José González is a singular artist who has a sound that is as distinctive as it is comforting. His rhythmic and skilful guitar playing is matched by soft, introspective vocals, all wrapped up in hypnotic and often haunting melodies. His music is subtle and enveloping, and above all carefully crafted, which might be gentle in delivery but is robust in construction.
González has taken an ‘if it ain’t broke don’t fix it’ approach on Local Valley, his fourth solo album since 2003. If his music hasn’t won you over yet, it’s not likely to now, but he has, once again, created a beautifully layered and strikingly unique piece of work, which stays true to his artistic vision.
“I set out to write songs in the same vein as my old ones: short, melodic and rhythmical, a mixture of classic folk singer-songwriting and songs with influences from Latin America and Africa,” explains González. Local Valley draws musical inspiration from a range of influences and this time he sings in three languages – Swedish, English, and for the first time, Spanish. The focal point is, invariably, his delicate yet powerful guitar playing, which is often reminiscent of John Martyn but always unmistakably his own sound.
Much of the warmth of the album comes from the intimate production values. Recorded in his home studio in Sweden, his guitar and vocals are always at the centre of the mix, filled out by some subtle drum machines, light over-dubbing and the natural sounds of his environment – the creaking of floors and the trilling of bird-song. It’s an interesting approach, bringing an unvarnished but anchored setting for each track.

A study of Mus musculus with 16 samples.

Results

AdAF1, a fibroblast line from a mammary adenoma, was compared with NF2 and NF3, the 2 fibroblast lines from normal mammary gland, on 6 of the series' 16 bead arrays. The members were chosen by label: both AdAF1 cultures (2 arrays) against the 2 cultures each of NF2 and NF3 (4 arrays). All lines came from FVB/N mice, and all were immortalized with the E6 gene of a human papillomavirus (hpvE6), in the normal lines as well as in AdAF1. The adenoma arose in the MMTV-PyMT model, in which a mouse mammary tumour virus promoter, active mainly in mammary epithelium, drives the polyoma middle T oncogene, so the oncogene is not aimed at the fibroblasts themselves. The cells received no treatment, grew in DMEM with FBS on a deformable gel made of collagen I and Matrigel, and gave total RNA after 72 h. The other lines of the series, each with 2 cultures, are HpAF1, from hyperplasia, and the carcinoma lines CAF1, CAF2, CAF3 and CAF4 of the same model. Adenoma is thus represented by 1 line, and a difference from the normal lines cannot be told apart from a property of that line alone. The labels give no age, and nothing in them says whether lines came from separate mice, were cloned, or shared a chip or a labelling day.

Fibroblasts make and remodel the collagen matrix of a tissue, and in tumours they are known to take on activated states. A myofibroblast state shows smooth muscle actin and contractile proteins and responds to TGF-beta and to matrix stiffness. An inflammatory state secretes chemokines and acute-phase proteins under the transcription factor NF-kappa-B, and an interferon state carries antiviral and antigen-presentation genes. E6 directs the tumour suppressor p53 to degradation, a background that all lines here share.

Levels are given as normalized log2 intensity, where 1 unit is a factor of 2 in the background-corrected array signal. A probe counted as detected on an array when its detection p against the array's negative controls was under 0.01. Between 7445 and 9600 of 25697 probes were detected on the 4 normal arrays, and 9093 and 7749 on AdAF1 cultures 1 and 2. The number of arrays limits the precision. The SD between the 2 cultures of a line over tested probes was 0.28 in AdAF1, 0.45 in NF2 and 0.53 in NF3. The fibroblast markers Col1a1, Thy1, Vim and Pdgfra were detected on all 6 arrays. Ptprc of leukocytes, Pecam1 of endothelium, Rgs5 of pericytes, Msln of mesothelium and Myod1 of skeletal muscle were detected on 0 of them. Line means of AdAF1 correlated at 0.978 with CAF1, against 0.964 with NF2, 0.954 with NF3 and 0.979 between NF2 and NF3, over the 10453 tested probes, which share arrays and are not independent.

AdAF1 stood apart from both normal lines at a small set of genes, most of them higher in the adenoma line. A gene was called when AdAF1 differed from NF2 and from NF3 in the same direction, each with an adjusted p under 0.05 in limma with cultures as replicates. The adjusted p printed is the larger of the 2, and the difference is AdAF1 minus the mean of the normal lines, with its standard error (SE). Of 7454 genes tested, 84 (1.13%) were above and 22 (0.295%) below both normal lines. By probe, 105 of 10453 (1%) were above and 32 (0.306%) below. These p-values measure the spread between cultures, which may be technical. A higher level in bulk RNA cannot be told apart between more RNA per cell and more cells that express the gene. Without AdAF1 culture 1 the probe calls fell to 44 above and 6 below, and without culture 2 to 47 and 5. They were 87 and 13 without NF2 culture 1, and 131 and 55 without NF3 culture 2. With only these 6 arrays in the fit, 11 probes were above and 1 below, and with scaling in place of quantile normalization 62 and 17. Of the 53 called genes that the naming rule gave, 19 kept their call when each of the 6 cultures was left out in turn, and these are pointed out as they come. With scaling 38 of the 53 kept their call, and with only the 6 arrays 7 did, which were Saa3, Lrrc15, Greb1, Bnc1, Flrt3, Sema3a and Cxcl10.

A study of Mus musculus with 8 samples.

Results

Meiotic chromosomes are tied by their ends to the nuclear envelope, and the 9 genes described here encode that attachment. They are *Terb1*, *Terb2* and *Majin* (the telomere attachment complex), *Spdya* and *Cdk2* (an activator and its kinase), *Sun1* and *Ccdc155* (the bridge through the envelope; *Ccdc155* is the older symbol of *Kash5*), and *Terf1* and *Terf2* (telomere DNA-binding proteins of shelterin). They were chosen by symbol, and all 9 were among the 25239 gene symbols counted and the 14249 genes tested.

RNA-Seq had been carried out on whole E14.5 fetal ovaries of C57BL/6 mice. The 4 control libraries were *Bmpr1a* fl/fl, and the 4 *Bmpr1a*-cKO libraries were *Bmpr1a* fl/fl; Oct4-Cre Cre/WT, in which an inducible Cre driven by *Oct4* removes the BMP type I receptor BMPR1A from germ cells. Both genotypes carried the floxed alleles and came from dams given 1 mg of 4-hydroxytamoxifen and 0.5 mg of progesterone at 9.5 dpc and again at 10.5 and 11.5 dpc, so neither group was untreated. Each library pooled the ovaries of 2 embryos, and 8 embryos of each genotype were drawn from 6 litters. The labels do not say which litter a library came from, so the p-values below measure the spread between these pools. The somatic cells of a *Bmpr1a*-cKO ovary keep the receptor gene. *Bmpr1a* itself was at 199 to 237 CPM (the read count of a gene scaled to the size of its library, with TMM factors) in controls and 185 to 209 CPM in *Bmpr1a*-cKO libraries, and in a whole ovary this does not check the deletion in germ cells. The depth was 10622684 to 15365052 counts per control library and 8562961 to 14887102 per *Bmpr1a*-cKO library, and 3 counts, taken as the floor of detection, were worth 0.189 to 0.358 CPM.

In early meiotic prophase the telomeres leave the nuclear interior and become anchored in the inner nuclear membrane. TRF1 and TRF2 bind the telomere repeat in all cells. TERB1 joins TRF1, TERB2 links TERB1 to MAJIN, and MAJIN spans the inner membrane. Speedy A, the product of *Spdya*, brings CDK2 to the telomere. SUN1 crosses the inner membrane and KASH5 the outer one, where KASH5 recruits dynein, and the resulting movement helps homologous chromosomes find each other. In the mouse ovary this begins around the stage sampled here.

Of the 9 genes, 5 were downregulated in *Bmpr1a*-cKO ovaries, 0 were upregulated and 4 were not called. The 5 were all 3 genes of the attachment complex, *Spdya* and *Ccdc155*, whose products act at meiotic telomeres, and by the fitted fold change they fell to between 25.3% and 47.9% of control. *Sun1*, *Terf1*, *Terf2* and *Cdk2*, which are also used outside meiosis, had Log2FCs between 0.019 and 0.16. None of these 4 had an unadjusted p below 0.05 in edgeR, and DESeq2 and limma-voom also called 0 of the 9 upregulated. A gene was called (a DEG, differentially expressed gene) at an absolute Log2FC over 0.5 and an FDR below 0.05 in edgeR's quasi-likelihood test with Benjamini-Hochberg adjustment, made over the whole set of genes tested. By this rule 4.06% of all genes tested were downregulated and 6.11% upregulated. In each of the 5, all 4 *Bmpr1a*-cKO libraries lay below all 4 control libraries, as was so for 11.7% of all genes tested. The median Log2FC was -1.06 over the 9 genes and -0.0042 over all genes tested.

Opening number El Invento is the first song González has recorded in Spanish, a nod to the language of his childhood (his parents fled Argentina’s military junta in the mid- ’70s) and a sprightly Latin feel underpins several other tracks. Stand-out Visions has a similar atmosphere, with its lovely running arpeggios floating under hopeful, humanist lyrics. ‘Together/ we are here together’ he sings, proving that music doesn’t have to be loud to be uplifting. The mood darkens somewhat on The Void as a choir of José’s sing over a percussive beat to moody effect. This is echoed on Tjomme, which features a spoken word performance and soft yet driving beat. Horizons is a submersive affair, with its swirling guitar lines, while Valle Local feels closest in sound to his side-project Junip, and is the perfect showcase for his striking guitar playing.
Lilla G (written for his daughter) and Lasso In share a gentle finger-clicking vibe before González goes full bossa nova on Swing where he asks the listener to ‘shake your belly, baby’ and ‘swing your bum like seaweed’. It’s testament to his musicality that this song doesn’t jar as much as it could have. He quietens down again for the final track Honey Honey, which like all his best songs showcases his restraint, levity and perceptive layering of sound.
The strength of José González’s music is his ability to bring the listener not just into the room where the music was recorded, but right into the heart of the song. Thanks to his contemplative lyricism and graceful delivery, his music feels like a joyful and recognisable ode to the beauty of being alive. On Local Valley, González is as wise, welcoming and effortless as ever.